Sounds like Bobby Ryan will be getting top-line minutes in Ottawa this season.
In speaking with the Ottawa Sun, Sens GM Bryan Murray said Ryan would likely play in a top three role next season, meaning he’d be with Jason Spezza and Milan Michalek, who occasionally played on the aforementioned “SAM” line along with former team captain Daniel Alfredsson, now in Detroit.
“I think he likes to play the left side more than the right side,” Murray said of Ryan. “I know Milan can play the right side pretty well too.
“I would think he’s probably in our Top 3, so therefore probably with Spezz.”
There was some thought Ottawa would keep Spezza and Michalek with Colin Greening — the trio performed well together last season — and put Ryan on a line centered by Kyle Turris, along with newly-acquired LW/RW Clarke MacArthur.
But loading up the No. 1 line appears to be the way Ottawa will go.
In other news, it doesn’t sound as though Murray will be looking to make any more trades in the near future.
“We’ve got bodies, and if we have to do something, we’ll have to go try and go do it,” said Murray. “But I don’t want to give up more kids right now if I can help it.”
Related to Murray’s goal of keeping the “kids” — who are playing on cheaper, entry-level deals — embattled Sens owner Eugene Melynk got more bad financial news on Tuesday, as his plan to build a casino was scuttled by the city.
Melnyk had hoped the casino project would offset the “substantial losses” of the hockey club.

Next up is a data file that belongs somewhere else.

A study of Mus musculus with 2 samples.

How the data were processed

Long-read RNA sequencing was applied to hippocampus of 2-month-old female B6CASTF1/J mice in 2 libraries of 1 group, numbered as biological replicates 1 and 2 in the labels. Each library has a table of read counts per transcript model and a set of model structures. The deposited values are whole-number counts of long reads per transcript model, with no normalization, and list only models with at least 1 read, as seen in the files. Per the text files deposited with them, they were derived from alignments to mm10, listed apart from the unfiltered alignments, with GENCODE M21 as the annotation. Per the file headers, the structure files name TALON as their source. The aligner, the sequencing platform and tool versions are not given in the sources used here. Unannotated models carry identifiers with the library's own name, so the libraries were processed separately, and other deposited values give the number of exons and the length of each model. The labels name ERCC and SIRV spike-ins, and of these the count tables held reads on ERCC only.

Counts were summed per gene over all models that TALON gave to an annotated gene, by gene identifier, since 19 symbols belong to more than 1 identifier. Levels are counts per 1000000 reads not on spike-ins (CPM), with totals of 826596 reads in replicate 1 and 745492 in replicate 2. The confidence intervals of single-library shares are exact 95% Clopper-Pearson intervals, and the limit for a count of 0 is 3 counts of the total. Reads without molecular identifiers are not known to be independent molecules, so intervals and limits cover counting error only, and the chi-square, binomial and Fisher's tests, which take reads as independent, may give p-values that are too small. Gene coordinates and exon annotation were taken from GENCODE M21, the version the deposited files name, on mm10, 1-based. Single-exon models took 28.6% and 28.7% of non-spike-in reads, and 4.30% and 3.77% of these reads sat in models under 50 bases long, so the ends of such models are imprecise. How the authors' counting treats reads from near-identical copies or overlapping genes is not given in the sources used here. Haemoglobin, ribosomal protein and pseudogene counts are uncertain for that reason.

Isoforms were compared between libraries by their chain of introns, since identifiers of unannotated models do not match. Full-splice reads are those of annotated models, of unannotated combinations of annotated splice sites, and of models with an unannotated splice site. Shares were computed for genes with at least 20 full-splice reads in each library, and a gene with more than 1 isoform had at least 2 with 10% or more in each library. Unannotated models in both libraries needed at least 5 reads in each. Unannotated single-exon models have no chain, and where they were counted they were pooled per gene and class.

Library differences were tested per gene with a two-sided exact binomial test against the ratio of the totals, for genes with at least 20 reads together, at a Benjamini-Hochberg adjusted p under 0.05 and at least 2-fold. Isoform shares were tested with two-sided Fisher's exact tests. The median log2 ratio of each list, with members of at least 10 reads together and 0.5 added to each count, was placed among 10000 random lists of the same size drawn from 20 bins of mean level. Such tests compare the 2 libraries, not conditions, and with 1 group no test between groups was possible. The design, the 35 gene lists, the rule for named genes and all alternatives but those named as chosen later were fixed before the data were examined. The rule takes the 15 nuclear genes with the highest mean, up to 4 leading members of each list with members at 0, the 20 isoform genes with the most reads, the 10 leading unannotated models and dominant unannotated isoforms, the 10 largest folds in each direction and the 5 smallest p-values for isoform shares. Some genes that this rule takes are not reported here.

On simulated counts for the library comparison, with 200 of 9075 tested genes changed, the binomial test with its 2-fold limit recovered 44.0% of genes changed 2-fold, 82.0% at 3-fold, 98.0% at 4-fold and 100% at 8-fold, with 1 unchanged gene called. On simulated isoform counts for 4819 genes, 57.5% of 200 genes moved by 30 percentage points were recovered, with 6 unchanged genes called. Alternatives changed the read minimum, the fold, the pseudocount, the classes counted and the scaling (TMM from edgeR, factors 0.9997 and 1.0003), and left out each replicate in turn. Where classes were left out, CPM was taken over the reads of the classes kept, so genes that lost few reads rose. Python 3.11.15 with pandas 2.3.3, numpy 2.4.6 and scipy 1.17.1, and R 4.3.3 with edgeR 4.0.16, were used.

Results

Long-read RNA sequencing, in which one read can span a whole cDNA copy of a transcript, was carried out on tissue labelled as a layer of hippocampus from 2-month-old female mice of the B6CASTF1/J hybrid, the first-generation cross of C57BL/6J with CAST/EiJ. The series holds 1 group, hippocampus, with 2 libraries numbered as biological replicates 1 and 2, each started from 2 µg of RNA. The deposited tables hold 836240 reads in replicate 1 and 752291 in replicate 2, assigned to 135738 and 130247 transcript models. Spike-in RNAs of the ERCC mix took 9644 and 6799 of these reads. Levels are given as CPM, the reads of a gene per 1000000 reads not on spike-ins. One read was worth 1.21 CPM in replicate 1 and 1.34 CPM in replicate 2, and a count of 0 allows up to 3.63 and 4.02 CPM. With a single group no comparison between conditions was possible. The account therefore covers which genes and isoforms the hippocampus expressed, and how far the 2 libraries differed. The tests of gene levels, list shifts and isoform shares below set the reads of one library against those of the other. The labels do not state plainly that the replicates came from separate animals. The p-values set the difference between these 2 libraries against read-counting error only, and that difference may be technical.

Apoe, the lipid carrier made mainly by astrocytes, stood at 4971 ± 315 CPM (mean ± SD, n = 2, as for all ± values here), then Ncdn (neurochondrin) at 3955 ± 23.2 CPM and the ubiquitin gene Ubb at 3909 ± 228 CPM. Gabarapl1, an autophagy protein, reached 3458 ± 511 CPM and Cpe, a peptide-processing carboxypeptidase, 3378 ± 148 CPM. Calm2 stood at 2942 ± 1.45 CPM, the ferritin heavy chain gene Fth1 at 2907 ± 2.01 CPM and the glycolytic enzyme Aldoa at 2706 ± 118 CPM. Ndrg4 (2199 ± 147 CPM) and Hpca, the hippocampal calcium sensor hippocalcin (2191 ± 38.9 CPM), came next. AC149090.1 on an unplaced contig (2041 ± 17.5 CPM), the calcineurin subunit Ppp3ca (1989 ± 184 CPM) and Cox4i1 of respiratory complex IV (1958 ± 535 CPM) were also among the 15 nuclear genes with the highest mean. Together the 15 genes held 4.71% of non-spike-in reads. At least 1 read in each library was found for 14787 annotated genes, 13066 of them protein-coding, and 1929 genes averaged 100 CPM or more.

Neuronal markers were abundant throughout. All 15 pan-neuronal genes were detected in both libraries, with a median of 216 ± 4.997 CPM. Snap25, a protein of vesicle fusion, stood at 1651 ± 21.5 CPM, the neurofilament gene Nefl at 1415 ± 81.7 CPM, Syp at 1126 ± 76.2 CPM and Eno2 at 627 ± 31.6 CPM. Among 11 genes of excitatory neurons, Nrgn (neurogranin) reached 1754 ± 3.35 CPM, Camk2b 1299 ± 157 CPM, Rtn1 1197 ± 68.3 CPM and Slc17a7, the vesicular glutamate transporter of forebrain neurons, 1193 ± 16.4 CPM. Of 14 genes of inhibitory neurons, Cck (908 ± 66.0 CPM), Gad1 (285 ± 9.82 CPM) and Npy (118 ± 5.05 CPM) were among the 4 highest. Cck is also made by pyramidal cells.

Does the NHL have a cocaine problem?
TSN caught up with deputy commissioner Bill Daly, who provided some fascinating insight:
“The number of [cocaine] positives are more than they were in previous years and they’re going up,” Daly said. “I wouldn’t say it’s a crisis in any sense. What I’d say is drugs like cocaine are cyclical and you’ve hit a cycle where it’s an ‘in’ drug again.”
Daly said that he’d be surprised “if we’re talking more than 20 guys” and then touched on something that may be a problem: they don’t test it in a “comprehensive way.”
As Katie Strang’s essential ESPN article about the Los Angeles Kings’ tough season explored in June, there are some challenges for testing for a drug like cocaine. That said, there are also some limitations that may raise some eyebrows.
For one, it metabolizes quickly. Michael McCabe, a Philadelphia-based toxicology expert who works for Robson Forensic, told ESPN.com that, generally speaking, cocaine filters out of the system in two to four days, making it relatively easy to avoid a flag in standard urine tests.
The NHL-NHLPA’s joint drug-testing program is not specifically designed to target recreational drugs such as cocaine or marijuana. The Performance Enhancing Substances Program is put into place to do exactly that — screen for performance-enhancing drugs.
So, are “party drugs” like cocaine and molly an issue for the NHL?
At the moment, the answer almost seems to be: “the league hopes not.”
Daly goes into plenty of detail on the issue, so read the full TSN article for more.
Following his stunning 41-game suspension, it looks like Raffi Torres has at least one former teammate in his corner.
We haven’t yet seen how the San Jose Sharks or the NHLPA are reacting to the league’s hammer-dropping decision to punish Torres for his Torres-like hit on Jakob Silfverberg, but Jason Demers decided to put in a good word for Torres tonight.
It was a simple message: “#FreeTorres.”
Demers, now of the Dallas Stars, was once with Torres and the Sharks. (In case this post’s main image didn’t make that clear enough already.)
Perhaps this will become “a thing” at some point.
So far, it seems like it’s instead “a thing (that people are making fun of).”
… You get the idea.
The bottom line is that there are some who either a) blindly support Torres because they’re Sharks fans or b) simply think that the punishment was excessive.
The most important statement came from the Department of Player Safety, though.